When are expenses recognized?
February 26, 2012
Learn about three methods to recognize expenses: association of cause and effect, systematic and rational allocation, and immediate recognition.
Expenses are decreases in assets (e.g., rent expenses) or increases in liabilities (e.g., accrued utility expenses) that result from operating activities undertaken to generate revenue.
Expenses are recognized in accordance with the matching principle. This principle mandates that the expense or cost of doing business is recorded in the same period as the revenue that has been generated as the result of incurring that expense or cost. In other words, revenues reported in a given income statement should be reported along the costs (expenses) incurred in generating these revenues. In accordance with the US GAAP (Generally Accepted Accounting Principles), there are three (3) ways expenses can be properly matched against revenues:
- Association of cause and effect
- Systematic and rational allocation
- Immediate recognition
The first way to implement the matching principle is the associating cause and effect method. In accordance with this method, some expenses are presumably directly associated with specific revenues. In this case, transactions simultaneously result in both revenues and expenses, and as a result, these revenues and expenses are directly related to each other. For example, cost of goods sold is directly associated with the sales revenue. Sales commissions can also be directly matched against sales revenues. The association of cause and effect principle can be applied to transportation costs incurred to deliver goods to customers.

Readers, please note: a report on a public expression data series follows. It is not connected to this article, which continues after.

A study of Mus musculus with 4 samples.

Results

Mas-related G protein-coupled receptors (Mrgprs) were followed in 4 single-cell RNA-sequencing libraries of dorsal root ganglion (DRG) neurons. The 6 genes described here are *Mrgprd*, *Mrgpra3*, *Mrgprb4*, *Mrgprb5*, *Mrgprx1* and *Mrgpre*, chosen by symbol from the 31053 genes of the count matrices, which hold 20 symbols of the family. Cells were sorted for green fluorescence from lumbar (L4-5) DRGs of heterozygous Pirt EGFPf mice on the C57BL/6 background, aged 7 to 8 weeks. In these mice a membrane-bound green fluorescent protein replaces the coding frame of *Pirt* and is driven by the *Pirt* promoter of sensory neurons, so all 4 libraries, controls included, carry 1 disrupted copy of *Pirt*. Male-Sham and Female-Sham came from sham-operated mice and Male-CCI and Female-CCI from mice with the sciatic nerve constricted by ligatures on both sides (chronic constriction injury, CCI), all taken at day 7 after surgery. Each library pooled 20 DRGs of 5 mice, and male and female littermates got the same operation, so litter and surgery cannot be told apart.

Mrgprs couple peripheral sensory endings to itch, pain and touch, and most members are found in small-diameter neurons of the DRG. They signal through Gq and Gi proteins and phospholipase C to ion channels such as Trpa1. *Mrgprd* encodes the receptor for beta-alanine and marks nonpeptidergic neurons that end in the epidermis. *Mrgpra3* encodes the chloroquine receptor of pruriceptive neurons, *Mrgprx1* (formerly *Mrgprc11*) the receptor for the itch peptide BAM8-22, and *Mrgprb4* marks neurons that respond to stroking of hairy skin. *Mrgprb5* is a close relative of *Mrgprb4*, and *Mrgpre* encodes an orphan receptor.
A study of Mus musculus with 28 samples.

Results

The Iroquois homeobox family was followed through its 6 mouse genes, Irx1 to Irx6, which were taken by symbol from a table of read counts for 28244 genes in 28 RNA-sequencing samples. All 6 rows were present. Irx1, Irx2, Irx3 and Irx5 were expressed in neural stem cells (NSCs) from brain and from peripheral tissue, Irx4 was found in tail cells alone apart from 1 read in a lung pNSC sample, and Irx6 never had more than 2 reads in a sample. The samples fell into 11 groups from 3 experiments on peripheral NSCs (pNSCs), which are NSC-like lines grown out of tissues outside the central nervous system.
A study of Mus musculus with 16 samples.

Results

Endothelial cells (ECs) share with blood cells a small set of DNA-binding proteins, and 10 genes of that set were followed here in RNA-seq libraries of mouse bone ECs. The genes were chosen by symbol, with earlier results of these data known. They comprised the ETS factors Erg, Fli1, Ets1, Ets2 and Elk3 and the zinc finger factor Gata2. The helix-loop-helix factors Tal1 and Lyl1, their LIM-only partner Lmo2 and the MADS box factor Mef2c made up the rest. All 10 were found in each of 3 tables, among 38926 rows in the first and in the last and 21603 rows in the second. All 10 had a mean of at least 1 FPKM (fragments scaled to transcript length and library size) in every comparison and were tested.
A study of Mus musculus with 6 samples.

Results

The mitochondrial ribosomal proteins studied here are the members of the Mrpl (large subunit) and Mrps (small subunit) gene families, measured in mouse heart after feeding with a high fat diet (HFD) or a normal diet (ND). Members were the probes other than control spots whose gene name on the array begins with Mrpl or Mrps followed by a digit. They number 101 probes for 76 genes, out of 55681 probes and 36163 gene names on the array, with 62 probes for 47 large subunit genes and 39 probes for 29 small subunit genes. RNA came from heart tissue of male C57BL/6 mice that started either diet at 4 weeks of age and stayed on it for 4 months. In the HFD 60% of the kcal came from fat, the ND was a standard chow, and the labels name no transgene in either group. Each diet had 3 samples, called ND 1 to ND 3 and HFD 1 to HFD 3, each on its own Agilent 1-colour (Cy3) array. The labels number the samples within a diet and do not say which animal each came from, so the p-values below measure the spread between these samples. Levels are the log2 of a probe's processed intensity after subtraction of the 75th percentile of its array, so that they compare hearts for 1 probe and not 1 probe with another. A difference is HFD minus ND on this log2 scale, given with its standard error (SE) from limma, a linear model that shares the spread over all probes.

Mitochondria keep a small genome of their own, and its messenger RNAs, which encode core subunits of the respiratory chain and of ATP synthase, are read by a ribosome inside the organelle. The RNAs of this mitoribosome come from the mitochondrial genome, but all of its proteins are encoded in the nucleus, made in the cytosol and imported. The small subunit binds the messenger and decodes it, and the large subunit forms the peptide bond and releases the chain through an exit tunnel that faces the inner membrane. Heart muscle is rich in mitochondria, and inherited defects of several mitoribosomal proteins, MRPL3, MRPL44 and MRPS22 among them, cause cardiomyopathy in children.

When there is no cause and effect relationship, some expenses can be allocated to the accounting period benefited in a systematic and rational manner. For example, the cost of manufacturing equipment is difficult to allocate to specific inventory sale transactions. As the result, the cost of equipment is systematically allocated as depreciation expense among the periods in which the equipment provides the benefit (i.e., generates revenue). The allocation scheme is based on the expected benefit. The systematic and rational allocation method can also be used to amortize intangibles and allocate prepaid costs such as insurance and rent.
When both the associating cause and effect and systematic and rational allocation methods cannot be used, expenses are recognized immediately. For example, it can be difficult to identify future benefits of some costs incurred, or for some costs no rational allocation scheme can be devised. Period costs are usually immediately recognized. Examples of costs that might be immediately recognized include utilities, routine maintenance costs, officers’ salaries, and most selling and administrative costs.